It's interesting how different U.S. states and territories fill the position of attorney general, the top law enforcement position in a state.
According to the website of the National Association of Attorneys General, "The attorney general is popularly elected in 43 states, and is appointed by the governor in five states (Alaska, Hawaii, New Hampshire, New Jersey and Wyoming) and in the five jurisdictions of American Samoa, Guam, the Northern Mariana Islands, Puerto Rico and the Virgin Islands."
Moreover, "in Maine, the attorney general is selected by secret ballot of the legislature, and in Tennessee, by the state Supreme Court. In the District of Columbia, the mayor appoints the attorney general."
However, beginning with this November's election, the residents of the District of Columbia and the Northern Mariana Islands will elect their attorney general, according to the association. This small trend away from appointment to popular election is worth noting.
These seeming bits of political trivia are actually important to know because our own state senator, Dick Sears, D-Bennington, chairman of the Senate Judiciary Committee, has proposed a bill to make the attorney general in Vermont an appointed position. Under his bill, the governor would be able to handpick the attorney general with the consent of the senate.
As our media partner VTDigger.org said in a story last week, "the bill, S.
The bill, if it became law, would go into effect in 2016. The current attorney general, Bill Sorrell, a Democrat, has been in office since 1997, has been elected to the post eight times, and announced plans to run for another two-year term in the fall.
Sen. Sears told VTDigger that the bill is not politically motivated or aimed at Mr. Sorrell.
Also chairman of the Corrections Oversight Committee, Sen. Sears said he simply wants the attorney general to function more like the defender general. He believes that an appointed attorney would have more authority over state's attorneys.
Sen. Sears also wants to see more uniformity in the way cases are handled from county to county. "One of the problems that I see is partly due to judges but also due to state attorneys," he told VTDigger. "We have 14 systems of justice."
While we admire the fine work Sen. Sears does in representing Bennington and serving Vermont, we must state our opposition to this bill. If there is indeed a problem with the uniformity in the way cases are handled from county to county -- and we accept his assertion there is -- we fail to see how making the attorney general a political appointee does this. We would think the answer might be found in the type of creative and thoughtful legislation that Sen. Sears and others are proposing -- S. 295 -- to make Vermont's criminal justice system more responsive to the need for substance abuse treatment.
We agree with Attorney General Sorrell in his contention that taking away the electoral process for attorney general "arguably makes the position more political rather than less political" and "most people appreciate the independence of the office."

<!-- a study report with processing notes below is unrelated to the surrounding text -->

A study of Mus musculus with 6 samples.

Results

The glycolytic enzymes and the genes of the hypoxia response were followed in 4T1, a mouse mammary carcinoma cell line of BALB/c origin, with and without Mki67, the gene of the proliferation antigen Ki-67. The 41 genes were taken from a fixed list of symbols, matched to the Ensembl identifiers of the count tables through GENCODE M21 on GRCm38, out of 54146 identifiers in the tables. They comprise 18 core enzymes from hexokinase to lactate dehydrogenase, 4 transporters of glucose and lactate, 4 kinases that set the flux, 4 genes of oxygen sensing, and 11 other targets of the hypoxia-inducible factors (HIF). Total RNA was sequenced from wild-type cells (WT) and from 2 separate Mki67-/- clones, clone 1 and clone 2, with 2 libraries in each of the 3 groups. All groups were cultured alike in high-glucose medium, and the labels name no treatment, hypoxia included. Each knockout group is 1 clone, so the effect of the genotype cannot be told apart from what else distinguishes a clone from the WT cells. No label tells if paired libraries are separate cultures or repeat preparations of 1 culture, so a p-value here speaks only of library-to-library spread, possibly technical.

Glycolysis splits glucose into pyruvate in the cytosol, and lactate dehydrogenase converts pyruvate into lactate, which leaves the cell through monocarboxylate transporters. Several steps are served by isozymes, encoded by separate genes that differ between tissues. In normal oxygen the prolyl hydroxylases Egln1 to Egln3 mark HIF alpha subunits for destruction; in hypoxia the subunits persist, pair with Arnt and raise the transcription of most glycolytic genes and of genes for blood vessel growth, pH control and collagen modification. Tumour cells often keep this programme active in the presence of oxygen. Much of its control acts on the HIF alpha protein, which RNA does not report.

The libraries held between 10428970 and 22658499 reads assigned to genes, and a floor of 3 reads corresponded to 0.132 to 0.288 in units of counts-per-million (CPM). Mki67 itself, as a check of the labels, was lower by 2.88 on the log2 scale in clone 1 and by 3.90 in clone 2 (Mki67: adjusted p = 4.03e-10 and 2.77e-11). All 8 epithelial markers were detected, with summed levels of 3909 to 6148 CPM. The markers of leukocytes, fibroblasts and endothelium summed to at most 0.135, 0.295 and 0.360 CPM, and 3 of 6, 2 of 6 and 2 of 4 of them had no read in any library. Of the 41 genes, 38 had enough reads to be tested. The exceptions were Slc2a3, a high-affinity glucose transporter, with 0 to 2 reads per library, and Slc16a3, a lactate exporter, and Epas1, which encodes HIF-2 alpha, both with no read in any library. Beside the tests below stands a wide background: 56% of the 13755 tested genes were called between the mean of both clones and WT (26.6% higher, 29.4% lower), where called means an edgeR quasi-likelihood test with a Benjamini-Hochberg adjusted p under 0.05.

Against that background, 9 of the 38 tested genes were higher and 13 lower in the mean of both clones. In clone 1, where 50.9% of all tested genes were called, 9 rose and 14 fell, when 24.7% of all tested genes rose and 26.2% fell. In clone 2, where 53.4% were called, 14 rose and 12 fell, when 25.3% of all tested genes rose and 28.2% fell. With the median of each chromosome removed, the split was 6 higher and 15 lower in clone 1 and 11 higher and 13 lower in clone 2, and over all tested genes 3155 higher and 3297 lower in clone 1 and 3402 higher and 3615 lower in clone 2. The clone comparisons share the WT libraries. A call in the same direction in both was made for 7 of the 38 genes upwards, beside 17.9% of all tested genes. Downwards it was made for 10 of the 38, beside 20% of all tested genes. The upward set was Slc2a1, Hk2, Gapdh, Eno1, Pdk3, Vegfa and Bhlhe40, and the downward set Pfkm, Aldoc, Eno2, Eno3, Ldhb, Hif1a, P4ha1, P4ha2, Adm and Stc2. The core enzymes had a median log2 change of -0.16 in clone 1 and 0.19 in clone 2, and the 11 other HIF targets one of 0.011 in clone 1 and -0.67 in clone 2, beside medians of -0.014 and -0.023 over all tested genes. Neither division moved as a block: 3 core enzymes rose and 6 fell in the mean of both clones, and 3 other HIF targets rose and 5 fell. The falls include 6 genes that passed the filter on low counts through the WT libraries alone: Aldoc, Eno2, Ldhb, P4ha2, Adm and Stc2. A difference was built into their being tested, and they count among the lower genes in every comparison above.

According to the VTDigger article, "A gubernatorial appointee would be beholden to the governor, Sorrell suggested. He said the administration of justice by the state's chief law enforcement officer shouldn't be affected by the kind of partisanship in which politicians reward friends and punish enemies."
We wholeheartedly agree. Then there is the issue of basic democracy. Why take the decision of who should be Vermont's top law enforcement officer away from the people?
The example of New Jersey -- one of the states where the attorney general is appointed by the governor -- is quite timely and instructive.
According to NJ.com, the New Jersey State Senate Judiciary Committee "is strongly considering postponing its scheduled Tuesday confirmation hearing on Attorney General nominee Kevin O'Dowd amid the controversy over lane closures at the George Washington Bridge."
Mr. O'Dowd was Republican New Jersey Gov. Chris Christie's chief of staff in September when the now-infamous lane closures occurred, apparently to punish one or more Democratic politicians from Fort Lee, the community on the New Jersey side of the bridge. Email messages published last week revealed that a direct subordinate of O'Dowd's, then-Christie Deputy Chief of Staff Bridget Kelly, knew about the lane closures before they were implemented and may have ordered a Port Authority of New York and New Jersey official to carry them out, according to NJ.com.
Granted we don't know if Christie's nominee for attorney general -- his former top aide -- was caught up in this scandal in any way. And granted, moreover, that Vermont is not New Jersey.
Still, do we want to take the chance that some future governor may appoint a political operative beholden to him or her to the state's top law enforcement position?
Leave the choice of Vermont's attorney general in the hands of the people.